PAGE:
Many smokers know all too well how difficult smoking
can be to give up; a 2010 CDC survey showed that almost
7 out of 10 smokers wanted to kick the habit completely,
yet many struggle to do so. And most smokers know how
beneficial succeeding would be for their health-- after
all, tobacco use is the greatest preventable cause of
disease and death in the United States to this day,
with more than 480,000 Americans dying from smoking
or secondhand smoke each year. So, in the face of such
difficulty but such importance, how does one quit for
Texting presents a tentative answer. Think about it--
text messaging is an instant and effective way to communicate
in an era where most of the world's population uses
cell phones and texting gains traction across age groups.
If it is used to send reminders to smokers trying to
quit, it may provide the kind of regular, external guidance
and support a smoker needs to stay focused while quitting.
Several minds have put texting to exactly this task,
creating programs like SmokefreeTXT and Text2Quit, texting
subscription services that aim to help smokers cut themselves
off. These services allow smokers to choose a quit date
and provide other information that will subscribe them
to text messages customized to help them deal with cravings
and track their progress as they work towards quitting.
The services bolster their aid by offering reminders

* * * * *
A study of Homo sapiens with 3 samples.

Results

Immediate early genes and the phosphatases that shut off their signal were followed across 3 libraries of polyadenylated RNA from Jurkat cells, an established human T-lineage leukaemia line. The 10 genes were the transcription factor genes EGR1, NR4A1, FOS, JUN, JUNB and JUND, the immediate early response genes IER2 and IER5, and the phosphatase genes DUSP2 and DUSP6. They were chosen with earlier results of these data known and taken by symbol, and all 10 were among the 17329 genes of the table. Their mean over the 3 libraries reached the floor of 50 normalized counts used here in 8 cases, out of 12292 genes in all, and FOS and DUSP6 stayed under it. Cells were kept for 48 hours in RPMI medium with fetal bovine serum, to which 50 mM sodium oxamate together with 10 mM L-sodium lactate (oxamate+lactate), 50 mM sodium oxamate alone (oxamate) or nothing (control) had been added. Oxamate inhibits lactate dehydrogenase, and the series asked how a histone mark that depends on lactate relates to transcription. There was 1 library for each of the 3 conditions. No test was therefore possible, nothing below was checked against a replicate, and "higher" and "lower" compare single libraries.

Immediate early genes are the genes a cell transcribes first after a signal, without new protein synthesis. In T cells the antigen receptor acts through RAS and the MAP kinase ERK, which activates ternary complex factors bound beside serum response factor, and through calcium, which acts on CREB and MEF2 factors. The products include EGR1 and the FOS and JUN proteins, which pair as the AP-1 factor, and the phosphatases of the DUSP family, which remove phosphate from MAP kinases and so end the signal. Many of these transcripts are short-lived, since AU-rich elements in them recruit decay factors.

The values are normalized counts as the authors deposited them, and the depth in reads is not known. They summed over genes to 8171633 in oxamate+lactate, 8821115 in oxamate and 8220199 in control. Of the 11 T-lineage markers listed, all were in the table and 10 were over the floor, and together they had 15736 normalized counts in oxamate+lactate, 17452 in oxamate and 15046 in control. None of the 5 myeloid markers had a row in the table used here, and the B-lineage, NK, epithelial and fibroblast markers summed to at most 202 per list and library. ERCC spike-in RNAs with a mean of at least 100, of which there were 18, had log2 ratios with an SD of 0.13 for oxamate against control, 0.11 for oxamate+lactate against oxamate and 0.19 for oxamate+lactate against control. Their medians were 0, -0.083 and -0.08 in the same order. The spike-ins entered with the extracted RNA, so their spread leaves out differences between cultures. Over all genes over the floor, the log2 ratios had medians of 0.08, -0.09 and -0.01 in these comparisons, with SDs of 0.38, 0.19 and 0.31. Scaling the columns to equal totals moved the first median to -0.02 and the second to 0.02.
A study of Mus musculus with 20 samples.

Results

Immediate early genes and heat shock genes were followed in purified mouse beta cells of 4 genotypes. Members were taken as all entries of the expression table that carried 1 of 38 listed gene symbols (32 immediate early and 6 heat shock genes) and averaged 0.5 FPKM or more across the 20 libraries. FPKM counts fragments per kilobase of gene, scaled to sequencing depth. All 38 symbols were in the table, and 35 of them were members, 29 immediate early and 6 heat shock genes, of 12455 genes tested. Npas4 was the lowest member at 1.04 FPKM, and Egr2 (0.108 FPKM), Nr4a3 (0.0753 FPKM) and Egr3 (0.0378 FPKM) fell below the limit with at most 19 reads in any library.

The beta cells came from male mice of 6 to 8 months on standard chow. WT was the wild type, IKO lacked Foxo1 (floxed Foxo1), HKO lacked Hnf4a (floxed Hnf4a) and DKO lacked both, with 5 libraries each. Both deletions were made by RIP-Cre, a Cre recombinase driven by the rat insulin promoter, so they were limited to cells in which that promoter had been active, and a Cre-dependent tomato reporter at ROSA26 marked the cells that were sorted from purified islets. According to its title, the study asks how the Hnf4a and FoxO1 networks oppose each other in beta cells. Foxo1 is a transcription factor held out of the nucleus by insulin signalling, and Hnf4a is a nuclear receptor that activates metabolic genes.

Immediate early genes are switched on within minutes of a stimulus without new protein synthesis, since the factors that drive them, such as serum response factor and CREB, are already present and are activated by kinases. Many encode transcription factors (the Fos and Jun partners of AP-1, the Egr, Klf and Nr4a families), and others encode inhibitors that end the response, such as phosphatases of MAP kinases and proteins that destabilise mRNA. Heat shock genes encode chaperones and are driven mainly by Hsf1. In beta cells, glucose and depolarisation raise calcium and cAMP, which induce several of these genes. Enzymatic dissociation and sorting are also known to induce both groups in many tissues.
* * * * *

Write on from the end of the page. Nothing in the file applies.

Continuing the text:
of why their users are quitting and words of encouragement.
But how effective can a text messaging service be at
helping someone end such a persistent addiction?
Very, says one study. Published online in the American
Journal of Preventive Medicine in 2014, the study recruited
503 smokers online, who were randomly assigned to either
a group that received conventional self-help materials
or one that received text messages like the ones SmokefreeTXT
and Text2Quit deliver. Smokers assigned to the texting
group could interact with researchers, being able to
reply to the texts, choose a new quit date, or send
a text when experiencing a craving to receive immediate,
individualized help fighting it. The trial lasted for
At the conclusion of the study, 11% of the smokers
assigned to the texting group remained smoke-free, as
opposed to only 5% of the control group. While the rate
of quitting remains low, the results are clear: the
text messaging program effected a significant increase
in quitting and quitting retention, with the proportion
of text-messaging smokers who remained smoke-free at
the study's close more than double that of those who
did not receive the texts.
To validate their results, researchers ran tests on
saliva samples from the participants who claimed to
have quit smoking. With the results of the test in,
researchers confirmed that the rate of quitting in the
texting group was still double that of the rate of the
These are promising results for smokers who are motivated
to quit, but struggling-- notably, a large proportion
of U.S. smokers. Future research may hope to find better
tactics for helping smokers who are less eager to quit,
or for people who are less technology savvy. All in
all, with text messaging at our disposal, we are poised
to make great strides in the realm of medicine and addiction.
About the Author -
Sharon Housley is the VP of Marketing for NotePage,
Inc. a software company for communication software solutions.